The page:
PewDiePie YouTuber Review – COMEDY SKETCH

In this clip the Two Blokes review the top YouTuber PewDiePie, however there’s one problem, neither Kevin or Elliott have seen the popular YouTuber in action.



Felix Arvid Ulf Kjellberg[4] (/ˈʃɛlbɜːrɡ/ SHEL-burg;[5] Swedish: [feːlɪks arvɪd ɵlf ²ɕɛlbærj] (About this soundlisten);[c] born 24 October 1989),[7] better known online as PewDiePie (/ˈpjuːdipaɪ/ PEW-dee-py), is a Swedish YouTuber, comedian and gamer–commentator, best known for his YouTube video content, which mainly consists of Let’s Play commentaries, vlogs, and comedic formatted shows.

Born in Gothenburg, Sweden, Kjellberg originally pursued a degree in industrial economics and technology management at Chalmers University of Technology in Gothenburg. In 2010, during his time at the university, he registered a YouTube account under the name PewDiePie. The following year, he dropped out of Chalmers after losing interest in his degree field, much to the dismay of his parents. After failing to earn an apprenticeship with an advertising agency in Scandinavia, he then decided to focus on creating content for his YouTube channel. In order to fund his videos, Kjellberg began selling prints of his Photoshop art projects and worked at a hot dog stand. Kjellberg soon gathered a rapidly increasing online following, and in July 2012, his channel surpassed one million subscribers.

On 15 August 2013, Kjellberg became the most-subscribed user on YouTube, being briefly surpassed in late 2013 by YouTube Spotlight and several times in early 2019 by record label T-Series. From 29 December 2014 to 14 February 2017, Kjellberg’s channel was the most-viewed YouTube channel. As of April 2019, the channel has received over 93 million subscribers and 21 billion video views, ranking as the most subscribed and tenth-most viewed on the platform.[8][9][10]

Kjellberg’s most noted YouTube content includes his Let’s Play-styled video game commentaries, particularly of the horror genre. Many of his early videos consisted of him expressively reacting to the frightening elements of horror games, although he shortly broke his focus away from horror and played games of varying genres. While maintaining a focus on video game commentaries, Kjellberg began incorporating comedic vlogs into his content output with an increasing frequency. In the mid-to-late 2010s, Kjellberg began producing formatted vlogs that had a concentration on Internet culture and interactivity with his audience. His content has been praised as genuine and unfiltered, but also received as abrasive, and in some cases, met with controversy. As a result of an early 2017 controversy regarding allegations of anti-Semitism in several of Kjellberg’s videos, Maker Studios — the multi-channel network (MCN) he was signed to — ended their partnership with him. While he criticized the coverage of the situation and defended his content as jokes that were taken out of context, he conceded its offensiveness.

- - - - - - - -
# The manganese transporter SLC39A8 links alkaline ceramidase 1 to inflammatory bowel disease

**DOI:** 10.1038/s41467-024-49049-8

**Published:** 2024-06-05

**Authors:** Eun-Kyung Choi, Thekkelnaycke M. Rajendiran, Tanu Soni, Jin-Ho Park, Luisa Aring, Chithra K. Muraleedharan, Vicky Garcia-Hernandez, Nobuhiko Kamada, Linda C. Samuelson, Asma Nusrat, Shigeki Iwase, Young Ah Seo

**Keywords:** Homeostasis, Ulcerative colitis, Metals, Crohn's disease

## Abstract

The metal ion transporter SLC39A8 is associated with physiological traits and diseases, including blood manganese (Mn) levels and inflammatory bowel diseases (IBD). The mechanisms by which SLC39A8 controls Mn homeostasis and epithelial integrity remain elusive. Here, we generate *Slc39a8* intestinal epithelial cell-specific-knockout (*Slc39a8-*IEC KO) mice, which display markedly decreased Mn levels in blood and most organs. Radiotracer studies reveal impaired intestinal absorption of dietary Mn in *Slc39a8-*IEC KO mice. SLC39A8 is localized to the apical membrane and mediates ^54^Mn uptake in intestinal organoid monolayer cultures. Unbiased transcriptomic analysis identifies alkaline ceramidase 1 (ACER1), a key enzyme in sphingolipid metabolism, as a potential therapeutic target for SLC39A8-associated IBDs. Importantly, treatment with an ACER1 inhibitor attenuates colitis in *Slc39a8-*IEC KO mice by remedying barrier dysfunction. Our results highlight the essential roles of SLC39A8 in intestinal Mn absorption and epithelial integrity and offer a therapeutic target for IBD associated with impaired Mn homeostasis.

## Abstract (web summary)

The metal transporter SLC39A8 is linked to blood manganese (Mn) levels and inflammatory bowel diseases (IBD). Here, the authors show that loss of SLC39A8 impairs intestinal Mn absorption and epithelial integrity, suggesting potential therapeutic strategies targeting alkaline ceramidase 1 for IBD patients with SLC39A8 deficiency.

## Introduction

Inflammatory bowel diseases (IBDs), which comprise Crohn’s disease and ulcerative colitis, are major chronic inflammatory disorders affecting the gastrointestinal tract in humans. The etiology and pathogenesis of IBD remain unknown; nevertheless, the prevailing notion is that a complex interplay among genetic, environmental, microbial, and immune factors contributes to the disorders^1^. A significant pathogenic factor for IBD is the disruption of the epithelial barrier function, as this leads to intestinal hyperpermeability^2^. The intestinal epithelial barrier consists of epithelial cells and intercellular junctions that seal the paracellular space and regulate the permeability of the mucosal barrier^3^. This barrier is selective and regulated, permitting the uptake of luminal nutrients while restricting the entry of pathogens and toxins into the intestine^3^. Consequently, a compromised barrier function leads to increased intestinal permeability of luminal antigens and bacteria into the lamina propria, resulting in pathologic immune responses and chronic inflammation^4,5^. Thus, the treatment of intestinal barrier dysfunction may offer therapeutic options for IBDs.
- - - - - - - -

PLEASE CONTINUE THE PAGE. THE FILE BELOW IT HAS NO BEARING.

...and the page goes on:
The prevailing nickname used by media outlets for Kjellberg’s fanbase is the “Bro Army”,[d] although Kjellberg has also referred to his fanbase as “Squad Fam” and “nine-year-olds”. Kjellberg has raised money for charities, encouraging his audience to donate to charity drives. Due to his popularity, Kjellberg’s coverage of indie games has created an Oprah effect, boosting sales for titles he plays. In 2016, Time named him one of “The World’s 100 Most Influential People”.[12] Kjellberg lives in Brighton with his fiancée, Italian Internet personality and fashion designer Marzia Bisognin.

During the early portion of his YouTube career, Kjellberg refused to hire any editor or outside assistance to help with his video output; stating, “I want YouTube to be YouTube.”[29] In October 2014, Swedish magazine Icon detailed that “he has no manager, no assistant, or friend to help out with work-related contacts.”[30] That month however, while speaking to Rhett and Link on their Ear Biscuits podcast, Kjellberg expressed that he would seek an editor in 2015.[31] In 2016, Kjellberg thanked two other content creators for “helping [him] out with videos”.[32] In February 2017, Kjellberg stated in his My Response video, “I’m just a guy. It’s literally just me. There’s not a producer out there […] there’s no writer, there’s no camera guy.”[33] The following month, Kjellberg expressed he was looking for a U.K.-based production assistant.[32] In July, Kjellberg commented that a couple months prior, he “had an office [… and] a couple employees” to assist with his content creation, due to him thinking he needed to “be more ‘professional'”.[34]